Despite the pretty decor, the flowers, the family photos, some still, some ever changing and rotated by an eframe, and all of them witness to past happy major family events, where the subjects perpetually beamed at the observer, the room where my grandmother was to spend the last months of her long and productive life had to be likened to a prison cell. One could not escape the similarity, not matter how hard one tried. There were no bars on the window but the length and width and height of it gave it away. As did the lock on the door.
A faint odour of urine, like a strong brown colour, assailed me as I entered but it was so negligible that it was forgotten straight away. Nan did not know I was visiting and it would not have made the slightest difference to the situation if she had. She did not hear me knock on the standard thick fire door and did not notice my entrance either.
She was slouched on the corner of her single bed, her eyes closed, thin creased neck bent forward, her clothes clean if not pressed, her thin grey hair awry slightly, her treasured battered brown and cream handbag, clutched unconsciously in a fist. I called her title louder, noticing her hearing aid and both sets of false teeth on the bed side cabinet despite it being mid afternoon. I frowned at this. Nothing. Only when I was three feet away, did she visibly jump to become immediately annoyed. Which itself was soon replaced by confusion as she wiped the sleep from her eyes before focusing on her intruder.
She referred to me as nurse and, as I sat on a single hard-backed chair, I explained that I was her granddaughter, 'Little Bobby' I empathised until, there it was, at last, some semblance of the beautiful and no nonsense woman I had known in my young life. The woman who had been so particular about the condition of the backs of her chair legs and how they were not to be scuffed, the angel who fed me bacon and mashed potato every Saturday afternoon as my mother had offloaded me to give her some respite for one afternoon a week, the laughing and gorgeous woman whose presence in her old kitchen she undoubtedly dominated.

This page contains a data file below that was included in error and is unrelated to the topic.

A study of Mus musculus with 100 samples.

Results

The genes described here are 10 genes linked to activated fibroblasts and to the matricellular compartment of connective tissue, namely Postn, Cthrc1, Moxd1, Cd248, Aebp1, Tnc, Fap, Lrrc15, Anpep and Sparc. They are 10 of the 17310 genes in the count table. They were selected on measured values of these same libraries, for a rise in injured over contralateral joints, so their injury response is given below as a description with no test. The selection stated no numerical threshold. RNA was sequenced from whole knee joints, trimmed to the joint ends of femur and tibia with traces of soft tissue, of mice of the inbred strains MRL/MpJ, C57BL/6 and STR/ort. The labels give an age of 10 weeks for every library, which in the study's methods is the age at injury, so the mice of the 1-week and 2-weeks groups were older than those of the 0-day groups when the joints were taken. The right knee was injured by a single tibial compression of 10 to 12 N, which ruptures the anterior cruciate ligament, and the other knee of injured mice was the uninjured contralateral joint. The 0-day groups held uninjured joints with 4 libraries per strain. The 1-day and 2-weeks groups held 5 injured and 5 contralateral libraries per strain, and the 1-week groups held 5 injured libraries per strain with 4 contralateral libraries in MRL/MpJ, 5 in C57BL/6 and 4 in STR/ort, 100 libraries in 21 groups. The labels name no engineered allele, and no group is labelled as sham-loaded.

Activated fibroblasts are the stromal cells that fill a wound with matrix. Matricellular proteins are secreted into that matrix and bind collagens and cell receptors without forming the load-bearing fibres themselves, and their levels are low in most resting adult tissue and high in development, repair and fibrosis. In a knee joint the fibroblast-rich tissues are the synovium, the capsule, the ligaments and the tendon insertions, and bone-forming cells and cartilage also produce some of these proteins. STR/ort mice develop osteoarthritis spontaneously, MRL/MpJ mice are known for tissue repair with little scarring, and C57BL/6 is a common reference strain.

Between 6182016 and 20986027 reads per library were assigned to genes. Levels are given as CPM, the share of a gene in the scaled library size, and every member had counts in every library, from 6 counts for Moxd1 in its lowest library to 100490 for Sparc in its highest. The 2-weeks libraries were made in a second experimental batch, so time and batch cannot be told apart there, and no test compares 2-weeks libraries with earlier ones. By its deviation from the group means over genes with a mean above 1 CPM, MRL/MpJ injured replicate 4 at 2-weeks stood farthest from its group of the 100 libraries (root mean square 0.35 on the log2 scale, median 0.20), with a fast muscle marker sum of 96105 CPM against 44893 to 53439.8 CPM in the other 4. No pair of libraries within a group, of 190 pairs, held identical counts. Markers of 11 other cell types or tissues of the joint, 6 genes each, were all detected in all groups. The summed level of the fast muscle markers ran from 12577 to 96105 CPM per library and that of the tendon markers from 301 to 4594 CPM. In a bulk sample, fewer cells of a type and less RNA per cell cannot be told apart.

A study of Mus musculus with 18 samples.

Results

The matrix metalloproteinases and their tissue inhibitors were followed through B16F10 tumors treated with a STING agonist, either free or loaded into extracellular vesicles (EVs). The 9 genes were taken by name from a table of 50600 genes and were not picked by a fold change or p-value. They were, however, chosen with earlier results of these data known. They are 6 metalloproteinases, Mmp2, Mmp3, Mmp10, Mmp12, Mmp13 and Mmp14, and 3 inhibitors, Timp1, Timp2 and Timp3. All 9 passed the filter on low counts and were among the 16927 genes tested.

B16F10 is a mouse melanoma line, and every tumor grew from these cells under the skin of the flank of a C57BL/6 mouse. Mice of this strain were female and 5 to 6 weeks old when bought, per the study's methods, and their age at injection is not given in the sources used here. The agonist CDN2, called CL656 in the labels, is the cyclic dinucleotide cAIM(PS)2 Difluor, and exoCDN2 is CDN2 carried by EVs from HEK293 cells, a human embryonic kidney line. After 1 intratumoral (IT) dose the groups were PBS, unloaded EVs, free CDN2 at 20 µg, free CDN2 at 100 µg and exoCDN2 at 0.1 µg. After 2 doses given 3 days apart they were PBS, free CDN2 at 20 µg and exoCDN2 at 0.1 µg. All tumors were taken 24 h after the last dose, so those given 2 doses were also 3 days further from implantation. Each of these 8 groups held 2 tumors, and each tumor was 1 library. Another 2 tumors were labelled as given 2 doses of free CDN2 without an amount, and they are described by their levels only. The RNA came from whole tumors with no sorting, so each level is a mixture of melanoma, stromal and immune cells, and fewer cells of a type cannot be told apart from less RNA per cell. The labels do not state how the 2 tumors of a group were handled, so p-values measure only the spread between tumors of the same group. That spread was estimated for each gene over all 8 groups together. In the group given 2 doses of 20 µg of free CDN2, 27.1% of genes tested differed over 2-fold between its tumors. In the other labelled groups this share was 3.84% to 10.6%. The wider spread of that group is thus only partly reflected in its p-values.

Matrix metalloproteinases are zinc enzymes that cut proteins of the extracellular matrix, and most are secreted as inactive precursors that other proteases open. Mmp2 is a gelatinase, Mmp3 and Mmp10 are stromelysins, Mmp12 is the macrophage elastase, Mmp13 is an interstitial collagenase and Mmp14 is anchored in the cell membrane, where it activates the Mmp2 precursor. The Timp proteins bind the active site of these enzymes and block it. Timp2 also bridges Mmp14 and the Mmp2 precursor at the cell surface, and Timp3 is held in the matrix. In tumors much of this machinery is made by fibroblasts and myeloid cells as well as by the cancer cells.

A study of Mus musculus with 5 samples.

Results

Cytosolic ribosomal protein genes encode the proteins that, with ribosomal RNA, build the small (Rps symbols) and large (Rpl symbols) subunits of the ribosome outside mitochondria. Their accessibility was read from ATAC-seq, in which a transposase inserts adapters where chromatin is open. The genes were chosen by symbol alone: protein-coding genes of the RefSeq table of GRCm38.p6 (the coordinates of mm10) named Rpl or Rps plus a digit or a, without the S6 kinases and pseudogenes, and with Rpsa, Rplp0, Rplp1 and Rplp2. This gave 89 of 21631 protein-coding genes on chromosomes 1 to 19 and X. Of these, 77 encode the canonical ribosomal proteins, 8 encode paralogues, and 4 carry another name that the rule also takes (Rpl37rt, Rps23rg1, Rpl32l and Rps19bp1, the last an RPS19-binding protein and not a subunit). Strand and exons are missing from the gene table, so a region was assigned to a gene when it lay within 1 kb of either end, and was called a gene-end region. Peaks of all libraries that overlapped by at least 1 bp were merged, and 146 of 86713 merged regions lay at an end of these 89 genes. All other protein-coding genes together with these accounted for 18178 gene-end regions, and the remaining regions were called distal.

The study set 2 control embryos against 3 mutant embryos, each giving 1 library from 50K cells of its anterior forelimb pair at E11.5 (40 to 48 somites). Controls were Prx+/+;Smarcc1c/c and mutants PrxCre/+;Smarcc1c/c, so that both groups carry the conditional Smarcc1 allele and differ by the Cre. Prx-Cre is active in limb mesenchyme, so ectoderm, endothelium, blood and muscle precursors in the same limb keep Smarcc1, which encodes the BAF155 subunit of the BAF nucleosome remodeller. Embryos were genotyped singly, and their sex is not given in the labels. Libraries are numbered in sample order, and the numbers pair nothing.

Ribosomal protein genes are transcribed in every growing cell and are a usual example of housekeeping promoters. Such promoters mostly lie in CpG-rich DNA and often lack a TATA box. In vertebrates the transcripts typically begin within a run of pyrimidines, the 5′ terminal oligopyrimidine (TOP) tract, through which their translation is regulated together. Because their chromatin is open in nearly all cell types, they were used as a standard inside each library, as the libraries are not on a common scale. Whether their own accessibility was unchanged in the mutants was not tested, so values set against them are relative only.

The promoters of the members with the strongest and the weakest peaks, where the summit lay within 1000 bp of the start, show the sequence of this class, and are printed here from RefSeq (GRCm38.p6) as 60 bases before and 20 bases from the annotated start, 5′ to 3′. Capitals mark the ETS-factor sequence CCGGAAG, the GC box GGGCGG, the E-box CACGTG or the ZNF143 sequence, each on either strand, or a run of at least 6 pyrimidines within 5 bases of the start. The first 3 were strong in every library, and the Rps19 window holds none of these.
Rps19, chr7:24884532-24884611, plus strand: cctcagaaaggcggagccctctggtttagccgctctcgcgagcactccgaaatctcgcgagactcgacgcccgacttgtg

However, there was no domination now. Not in her last place of residence. At that moment, feeble in mind, tired, weary, battered and withdrawn, she looked at me disinterestedly through pale blue eyes as that momentary flash of who she once was, disappeared back into the choppy sea of confused consciousness that was now her only world. I spoke again of the past, touched her hand as if to press home the memories I was trying to evoke but this ploy only worked for a limited number of seconds before she, every time, sank back into her confused mutterings about how little money she had and shockingly, mentioning what bastards and fuckers they were to do that to her. Even holding up her empty purse for me to see how wicked everyone was that they had stolen her money. If it had not been so tragic, it would have been amusing. No other emotion or reaction would have sufficed.
She referred to me as a nurse again and reached across to her bedside cabinet and retrieved a twin-headed razor from a white china mug adorned with a colourful print of flowers before gently proceeding to stroke it dryly across her chin. And I could hear the rasp of the stubble.This was a bizarre experience and in that long second, I became confused as to how the young and delicate flower of her species, as I had remembered her in the few monochromatic photographs which existed, taken long before I was thought of, could have changed into the shameless woman who now sat before me.
What sequence of events could have taken place which would culminate in this once proud individual, a woman who had once occupied a high position in the Ministry Of Defence, to unblushingly scrap a razor across her chin in front of, to her confused perception, a complete stranger? What power in all the world could have so altered her perception, her sense of dignity, her perspicacity, her...nobleness to this extent? What could have brought her to this?
The urine odour returned quite suddenly and I heard an unwelcome noise. A slight hiss. It was time for me to leave, to fetch a carer and then to examine my own life with the assistance of a cigarette and a few tears in the car park with the horror that, at that moment, I could well be looking at my own future, perhaps some forty years hence. Yes, at that moment, I would never undertake any cosmetic hair removing work in front of anyone and that includes my husband. Had granny once felt the same? In her young and smooth days? I touched her marbled hands again briefly and offered my good-byes. I did not kiss her and she only offered me a look devoid of feeling, as if my beloved grandmother had already departed, leaving just this animated shell. "Good-bye nurse", she mumbled. Two months later, my mother blasted me with the news that she had died.